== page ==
To Boo Or Not to Boo, That Is The Question

Do you boo players from your own club? If you do, how can you sleep at night?

To boo a player playing for your club is seen as the ultimate act of betrayal by some and a birthright by others. If you have paid your hard-earned cash to watch a well-paid player flop around the pitch like he’s still wearing half a ton of bling then the boo-er will feel no remorse in letting out a lungful of boo at the offending ‘star’. The non-boo fan will be horrified. They will be incensed that anyone could put down a player sporting the sacred colours.

The booer will see their target as fair game for a boo. Like the old villain-of-the-piece at the theatre, the boo-target is part of the show. Arms folded and shaking their head the non-boo fan will curse modern society, even if it was invented by the ancient Greeks, and then tell everyone in the pub that they are ashamed to be called a fan of their club.

Booing someone else’s player is an easy boo. It’s the acceptable face of booing. Most non-boo fans will join in just as heartily as the boo-fan. The opposition are soft targets, easy pickings free from the burden of guilt. Some judicious booing can really wreck a players day, but most of them expect it. Paul Ince springs to mind as a player who has suffered his fair share of booing. He knew he would get an earful, but did Alan Smith when Newcastle played Valencia last weekend?

Smith suffered a tough time last season. He managed about three shots on target and received enough yellow and red cards that if you laid them out in a line they would stretch all the way around the equator. It was a depressing sight for Newcastle fans watching him lumber from game to game with no purpose other than to ‘get stuck in’. When he played, Newcastle didn’t. With no pace or skill to trouble the opposition, their game became predictable and stale. Only when he was unavailable did some sort of successful pattern emerge.

In short, Smith was holding the team back. Unlike a cheap signing from Macedonia or a called-up reserve player, who you can dump if they are useless, Smith was a big money signing. The man who paid the cheque wore his name on the back of his replica shirt. There was expectation. There was investment. There was little room for failure.

What Smith had going for him was ‘honesty’. All fans like an honest player, one who doesn’t hide or sulk when things don’t go his way. Smith reflects the man in the stand and was tee-total with it. His signing seemed like a perfect marriage, but like most marriages, divorce was always on the cards.

Very few observers of the Newcastle scene could see how Smith would fit in with Keegan’s football blueprint of attack. Keegan likes players to take shots, to pepper the opposition goal. Smith takes so few shots that Smith and Wesson are thinking of dropping the ‘Smith’. When the news trickled through that Everton were prepared to pay real money to buy him, very few fans thought that they would be giving the relationship another chance.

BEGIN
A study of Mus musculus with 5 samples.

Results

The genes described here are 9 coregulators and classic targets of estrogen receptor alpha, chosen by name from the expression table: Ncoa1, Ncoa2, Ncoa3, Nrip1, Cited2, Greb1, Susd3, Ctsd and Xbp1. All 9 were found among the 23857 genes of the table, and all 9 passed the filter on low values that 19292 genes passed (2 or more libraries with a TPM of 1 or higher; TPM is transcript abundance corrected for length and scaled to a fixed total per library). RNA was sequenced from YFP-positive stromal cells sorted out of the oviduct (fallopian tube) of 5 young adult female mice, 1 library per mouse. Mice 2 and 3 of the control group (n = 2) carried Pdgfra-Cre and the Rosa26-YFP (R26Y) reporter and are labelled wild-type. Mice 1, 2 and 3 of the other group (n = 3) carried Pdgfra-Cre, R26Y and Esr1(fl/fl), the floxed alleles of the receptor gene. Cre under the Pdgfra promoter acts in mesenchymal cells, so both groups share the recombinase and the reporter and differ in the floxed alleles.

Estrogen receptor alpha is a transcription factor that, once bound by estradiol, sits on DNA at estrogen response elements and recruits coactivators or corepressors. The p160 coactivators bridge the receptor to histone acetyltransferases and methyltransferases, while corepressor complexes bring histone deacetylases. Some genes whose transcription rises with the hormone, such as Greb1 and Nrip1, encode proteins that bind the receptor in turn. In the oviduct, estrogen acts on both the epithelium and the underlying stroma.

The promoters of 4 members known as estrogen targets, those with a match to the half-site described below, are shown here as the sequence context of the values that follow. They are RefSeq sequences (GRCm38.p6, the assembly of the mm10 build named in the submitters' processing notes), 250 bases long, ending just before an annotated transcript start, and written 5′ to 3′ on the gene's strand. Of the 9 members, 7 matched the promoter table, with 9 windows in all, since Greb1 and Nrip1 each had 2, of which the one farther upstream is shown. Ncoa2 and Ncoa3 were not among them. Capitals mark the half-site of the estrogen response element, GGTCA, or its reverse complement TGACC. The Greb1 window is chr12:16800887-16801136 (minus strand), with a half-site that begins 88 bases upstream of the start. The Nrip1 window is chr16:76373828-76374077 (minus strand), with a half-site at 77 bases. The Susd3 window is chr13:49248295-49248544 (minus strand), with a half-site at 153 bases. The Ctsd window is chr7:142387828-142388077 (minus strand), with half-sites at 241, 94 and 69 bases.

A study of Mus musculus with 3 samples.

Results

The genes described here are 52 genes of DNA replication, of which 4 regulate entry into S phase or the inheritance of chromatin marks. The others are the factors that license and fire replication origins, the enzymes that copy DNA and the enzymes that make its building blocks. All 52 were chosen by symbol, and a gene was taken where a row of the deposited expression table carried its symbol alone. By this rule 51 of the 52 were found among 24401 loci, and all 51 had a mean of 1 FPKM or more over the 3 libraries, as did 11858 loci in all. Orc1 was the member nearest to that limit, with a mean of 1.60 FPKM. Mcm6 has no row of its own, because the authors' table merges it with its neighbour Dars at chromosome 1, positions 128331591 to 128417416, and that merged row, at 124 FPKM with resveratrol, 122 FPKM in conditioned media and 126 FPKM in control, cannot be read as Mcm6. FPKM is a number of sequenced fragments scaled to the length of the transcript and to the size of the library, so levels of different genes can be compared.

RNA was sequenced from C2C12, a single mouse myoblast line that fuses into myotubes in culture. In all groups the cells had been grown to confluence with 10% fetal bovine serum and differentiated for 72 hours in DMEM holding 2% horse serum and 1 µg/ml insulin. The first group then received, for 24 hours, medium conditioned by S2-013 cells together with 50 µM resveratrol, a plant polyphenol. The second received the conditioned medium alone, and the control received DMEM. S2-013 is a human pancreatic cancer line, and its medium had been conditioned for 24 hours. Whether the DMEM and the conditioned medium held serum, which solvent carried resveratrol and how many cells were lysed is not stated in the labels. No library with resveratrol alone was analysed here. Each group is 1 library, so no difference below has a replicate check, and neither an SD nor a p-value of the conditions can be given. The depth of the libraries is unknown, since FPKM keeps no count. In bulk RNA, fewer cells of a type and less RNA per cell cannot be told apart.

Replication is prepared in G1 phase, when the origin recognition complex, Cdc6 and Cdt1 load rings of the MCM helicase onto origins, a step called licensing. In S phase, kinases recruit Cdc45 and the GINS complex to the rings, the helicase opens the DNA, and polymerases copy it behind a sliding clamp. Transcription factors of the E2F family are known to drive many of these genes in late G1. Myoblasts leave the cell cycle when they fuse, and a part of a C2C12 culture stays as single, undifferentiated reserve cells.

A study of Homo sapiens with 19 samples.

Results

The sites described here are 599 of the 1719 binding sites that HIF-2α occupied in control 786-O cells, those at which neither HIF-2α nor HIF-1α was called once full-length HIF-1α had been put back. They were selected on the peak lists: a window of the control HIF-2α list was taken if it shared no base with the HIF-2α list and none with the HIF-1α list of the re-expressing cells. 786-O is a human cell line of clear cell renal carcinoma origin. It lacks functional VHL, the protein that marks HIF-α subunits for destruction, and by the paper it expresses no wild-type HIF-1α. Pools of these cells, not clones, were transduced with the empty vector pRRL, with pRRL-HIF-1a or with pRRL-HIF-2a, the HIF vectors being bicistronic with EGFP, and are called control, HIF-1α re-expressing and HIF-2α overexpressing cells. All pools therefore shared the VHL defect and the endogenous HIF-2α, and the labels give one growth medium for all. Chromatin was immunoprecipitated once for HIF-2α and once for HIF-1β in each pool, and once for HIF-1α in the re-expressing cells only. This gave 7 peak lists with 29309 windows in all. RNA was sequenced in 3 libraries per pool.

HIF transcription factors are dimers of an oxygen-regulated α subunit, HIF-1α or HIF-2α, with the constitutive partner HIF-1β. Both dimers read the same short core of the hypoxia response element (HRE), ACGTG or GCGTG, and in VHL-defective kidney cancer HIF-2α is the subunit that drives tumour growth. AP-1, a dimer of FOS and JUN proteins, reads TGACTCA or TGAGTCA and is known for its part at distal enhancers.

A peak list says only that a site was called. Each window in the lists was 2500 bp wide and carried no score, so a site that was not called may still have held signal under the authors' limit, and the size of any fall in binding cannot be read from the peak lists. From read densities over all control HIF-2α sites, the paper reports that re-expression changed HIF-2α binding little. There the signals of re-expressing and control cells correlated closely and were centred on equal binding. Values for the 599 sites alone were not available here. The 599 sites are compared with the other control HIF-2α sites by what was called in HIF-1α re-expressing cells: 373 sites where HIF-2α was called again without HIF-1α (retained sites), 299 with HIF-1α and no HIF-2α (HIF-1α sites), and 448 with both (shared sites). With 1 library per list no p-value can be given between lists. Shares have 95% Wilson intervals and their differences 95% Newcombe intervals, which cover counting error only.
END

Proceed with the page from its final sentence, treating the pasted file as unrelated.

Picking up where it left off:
And then he came on as a sub against Valencia. And then he was booed. Not because he was photographed holding an Everton shirt, but because he wasn’t. Frustration had boiled over. The uneasy sight of fans booing one of their own players reared its ugly head again. Keegan wasn’t amused and there was an uneasy split between the boo and non-boo fan.

In these days of instant quantitative research and global digital customer marketing where whole corporate groups know more about your likes and dislikes than you do, there was a sliver of something comforting in the boos. Yes they were ugly, sad and directed at one of the sport’s more believable characters wearing their own colours, but the ancient art of booing is still the only true way for football’s ‘clients’ to let their wishes be known. How else can they really be understood? By writing a strongly worded letter to the Chairman? By joining a FaceBook group? By filling in an online survey?

Yeah right!

But what of the effect of the boos?

Alan Smith was probably wondering what he had done wrong. He will have felt confused and hurt, but sometimes even decent-bloke footballers need to hear some home truths. He needed to know what the people were feeling because obviously no one was telling him that his mere presence on the pitch on matchdays was driving fans away. He should have no complaints if he is honest with himself. Just being a rugged competitor is not enough, not even half enough. It’s a myth that fans only want to see players ‘giving their all’. They want to see skill, magic and wonder much more. Even the odd shot on target would be a start. Tickets cost a lot of money; if you are spending the holiday budget watching someone ‘battle’ like a pillaging Viking, you may just as well save the cash and hang around a pub at closing time.

Maybe Smith should talk with Nicky Butt (if he hasn’t already). Butt went through the exact same experience. He arrived with high expectations from Man Utd and failed to live up to them. The result? Booing. Butt is a solid character and rather than give up he chose to analyse why he was getting the treatment he was and put it right. The result? He made himself a first team regular and earned the respect of the terraces.

Smith is also a solid character. Can he learn from Butt and adapt his game? If he does he may well have vindicated the booing. It’s an uncomfortable experience for the players, the manager and the club, but maybe there is a case for booing. How else are they going to get the message over that they don’t want what they are seeing? After all, if fans don’t get the opportunity to show how they feel, how will they sleep at night?